RCrumb.com Proudly Releases R. Crumb's 15 Panel Short History of America Giclee Edition
In 1992, Denis Kitchen of Kitchen Sink Press published Crumb's Short History of America as a serigraph edition. Denis might have requested Crumb to add three additional panels to the original 12 panel poster in an effort to differentiate the new serigraph edition from the posters. The three new panels predicted three possible future scenarios: Ecological disaster; Techno Fix and the Ecotopian Solution.
Denis hired me to print that edition, and I did, using 24 colors. Since then, I've printed and published the original 12 panel SHA serigraph edition, and also released it as a limited edition giclee print (500 pieces). Now, we're very excited to be releasing the giclee version of the 15 Panel Short History of America edition.
I scanned the 1992 serigraph and spent weeks cleaning it up, brightening up some colors in Photoshop as I knew Crumb considered the original serigraph edition too dark. I printed it out and sent it to Crumb for his approval. He had many color changes! All the trees and grass in each panel needed to be lightened. Certain cars had to have a certain color–"Turquoise was a popular color for Studebaker in those years," according to Crumb. And many other color changes per his historical color sense were requested. It took me over 70 hours to finish the job.
While I was on the phone with RC, I pointed out one of the details in the image, and said, "I've often wondered if you took this image from multiple historical photographs, or if you drew this from your imagination. This detail is so realistic, I have to think you found some photographs and based these panels off of them."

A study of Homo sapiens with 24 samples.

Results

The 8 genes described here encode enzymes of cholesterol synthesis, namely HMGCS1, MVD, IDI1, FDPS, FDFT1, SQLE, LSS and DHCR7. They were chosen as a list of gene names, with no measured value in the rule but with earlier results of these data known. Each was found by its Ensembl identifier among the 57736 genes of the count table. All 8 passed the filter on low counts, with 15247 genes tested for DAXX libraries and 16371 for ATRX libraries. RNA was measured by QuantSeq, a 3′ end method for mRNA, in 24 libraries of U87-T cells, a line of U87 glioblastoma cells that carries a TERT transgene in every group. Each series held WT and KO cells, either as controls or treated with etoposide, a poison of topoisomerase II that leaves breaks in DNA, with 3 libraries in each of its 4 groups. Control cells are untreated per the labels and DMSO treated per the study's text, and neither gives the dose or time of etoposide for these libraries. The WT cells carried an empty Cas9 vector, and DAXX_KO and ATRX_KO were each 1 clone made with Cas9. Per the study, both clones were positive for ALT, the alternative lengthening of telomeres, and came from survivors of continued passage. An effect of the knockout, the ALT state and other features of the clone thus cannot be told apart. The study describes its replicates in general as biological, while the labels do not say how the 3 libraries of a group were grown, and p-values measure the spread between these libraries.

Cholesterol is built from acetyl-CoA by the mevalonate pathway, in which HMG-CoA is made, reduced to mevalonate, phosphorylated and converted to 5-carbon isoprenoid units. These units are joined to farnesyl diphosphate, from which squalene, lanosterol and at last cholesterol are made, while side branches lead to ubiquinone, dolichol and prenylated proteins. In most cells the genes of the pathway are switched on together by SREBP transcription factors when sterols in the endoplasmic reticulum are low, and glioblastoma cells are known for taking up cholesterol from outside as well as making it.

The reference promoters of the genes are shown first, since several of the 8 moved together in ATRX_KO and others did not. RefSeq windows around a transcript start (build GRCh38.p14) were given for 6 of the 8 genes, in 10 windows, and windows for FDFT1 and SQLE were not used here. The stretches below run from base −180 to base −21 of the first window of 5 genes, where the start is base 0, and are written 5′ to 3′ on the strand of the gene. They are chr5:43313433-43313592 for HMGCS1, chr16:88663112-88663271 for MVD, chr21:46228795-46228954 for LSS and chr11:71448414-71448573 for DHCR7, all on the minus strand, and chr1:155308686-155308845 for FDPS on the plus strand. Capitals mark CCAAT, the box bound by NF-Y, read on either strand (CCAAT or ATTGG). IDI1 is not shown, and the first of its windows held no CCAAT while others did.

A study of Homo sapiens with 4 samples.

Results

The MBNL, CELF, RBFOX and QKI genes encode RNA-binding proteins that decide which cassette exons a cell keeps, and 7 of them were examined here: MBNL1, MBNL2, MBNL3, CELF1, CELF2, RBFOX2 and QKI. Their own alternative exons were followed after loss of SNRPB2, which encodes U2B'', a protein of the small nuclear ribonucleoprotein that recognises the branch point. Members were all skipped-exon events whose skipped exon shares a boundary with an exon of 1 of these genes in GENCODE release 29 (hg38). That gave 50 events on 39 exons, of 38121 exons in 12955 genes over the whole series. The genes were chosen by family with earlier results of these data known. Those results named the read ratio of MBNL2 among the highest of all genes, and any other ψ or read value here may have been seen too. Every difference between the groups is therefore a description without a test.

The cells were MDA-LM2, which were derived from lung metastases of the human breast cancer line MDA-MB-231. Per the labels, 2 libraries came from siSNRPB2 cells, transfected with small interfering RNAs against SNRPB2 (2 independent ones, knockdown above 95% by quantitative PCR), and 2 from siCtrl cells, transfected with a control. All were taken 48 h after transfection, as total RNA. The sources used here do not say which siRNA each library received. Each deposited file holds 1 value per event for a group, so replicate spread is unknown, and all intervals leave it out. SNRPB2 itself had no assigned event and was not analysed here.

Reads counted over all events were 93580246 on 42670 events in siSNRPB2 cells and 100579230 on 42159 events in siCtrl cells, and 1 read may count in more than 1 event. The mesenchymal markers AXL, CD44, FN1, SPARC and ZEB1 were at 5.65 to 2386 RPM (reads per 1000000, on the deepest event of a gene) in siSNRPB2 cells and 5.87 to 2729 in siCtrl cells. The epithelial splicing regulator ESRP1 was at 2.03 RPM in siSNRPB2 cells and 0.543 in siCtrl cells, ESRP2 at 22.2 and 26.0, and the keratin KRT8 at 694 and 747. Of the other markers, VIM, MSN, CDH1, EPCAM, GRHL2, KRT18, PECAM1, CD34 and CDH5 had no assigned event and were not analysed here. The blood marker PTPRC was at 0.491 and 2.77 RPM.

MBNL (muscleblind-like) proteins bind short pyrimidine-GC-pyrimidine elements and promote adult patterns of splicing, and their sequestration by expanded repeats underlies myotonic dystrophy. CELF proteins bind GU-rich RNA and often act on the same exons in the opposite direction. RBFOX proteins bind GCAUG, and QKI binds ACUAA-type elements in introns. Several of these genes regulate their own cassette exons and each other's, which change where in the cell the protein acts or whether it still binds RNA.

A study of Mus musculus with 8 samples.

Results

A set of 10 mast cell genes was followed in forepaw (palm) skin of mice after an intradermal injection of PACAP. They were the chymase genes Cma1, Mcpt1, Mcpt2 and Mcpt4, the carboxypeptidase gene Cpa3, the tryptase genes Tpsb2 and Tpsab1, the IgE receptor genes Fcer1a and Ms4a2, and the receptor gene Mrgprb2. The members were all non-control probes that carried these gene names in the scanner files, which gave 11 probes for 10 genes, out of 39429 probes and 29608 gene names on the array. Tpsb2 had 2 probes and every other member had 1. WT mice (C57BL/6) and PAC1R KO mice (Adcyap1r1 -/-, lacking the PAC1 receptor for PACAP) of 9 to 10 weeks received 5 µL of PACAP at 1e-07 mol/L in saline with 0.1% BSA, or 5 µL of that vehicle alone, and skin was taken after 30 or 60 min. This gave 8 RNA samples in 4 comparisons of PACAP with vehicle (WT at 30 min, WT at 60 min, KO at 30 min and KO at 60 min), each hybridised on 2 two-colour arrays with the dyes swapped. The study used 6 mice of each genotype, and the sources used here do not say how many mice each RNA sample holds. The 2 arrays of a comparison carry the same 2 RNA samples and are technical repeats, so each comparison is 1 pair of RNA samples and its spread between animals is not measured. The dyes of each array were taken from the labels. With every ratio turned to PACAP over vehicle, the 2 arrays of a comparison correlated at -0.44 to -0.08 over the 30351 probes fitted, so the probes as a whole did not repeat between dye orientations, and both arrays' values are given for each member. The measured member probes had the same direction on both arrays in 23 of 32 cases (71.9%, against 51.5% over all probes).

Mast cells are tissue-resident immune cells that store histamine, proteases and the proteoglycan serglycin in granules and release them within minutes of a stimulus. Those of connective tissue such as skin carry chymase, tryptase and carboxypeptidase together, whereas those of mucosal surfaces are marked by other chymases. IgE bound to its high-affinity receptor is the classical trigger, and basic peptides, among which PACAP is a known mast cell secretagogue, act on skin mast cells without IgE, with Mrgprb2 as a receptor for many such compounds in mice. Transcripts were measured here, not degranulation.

Crumb answered, "I drew that image entirely from my imagination. I wish I had found some photos, it would have been more accurate. For example, one mistake I made was with the railroad crossing signs. The real signs have "crossing" on one board, and the "rail" and the "road" broken up on the sign behind. I mistakenly flip-flopped 'em and broke up the word "crossing."
He went on to say, "When I was in study hall in high school, I used to draw street scenes circa 1900. Then I would erase it all and redraw it as if were in the teens. Then I would erase that and redraw the same scene as if it were in the '20's." [laughs]
Each print is on Somerset Velvet archival white paper (25" x 22"). The 21" x 18.5" image is printed with archival Epson UltraChrome inks. The edition is 500 pieces, with 40 artist proofs and 3 printer proofs. Each print is numbered by hand in pencil. To be released Friday, April 27th. Your complete satisfaction is guaranteed.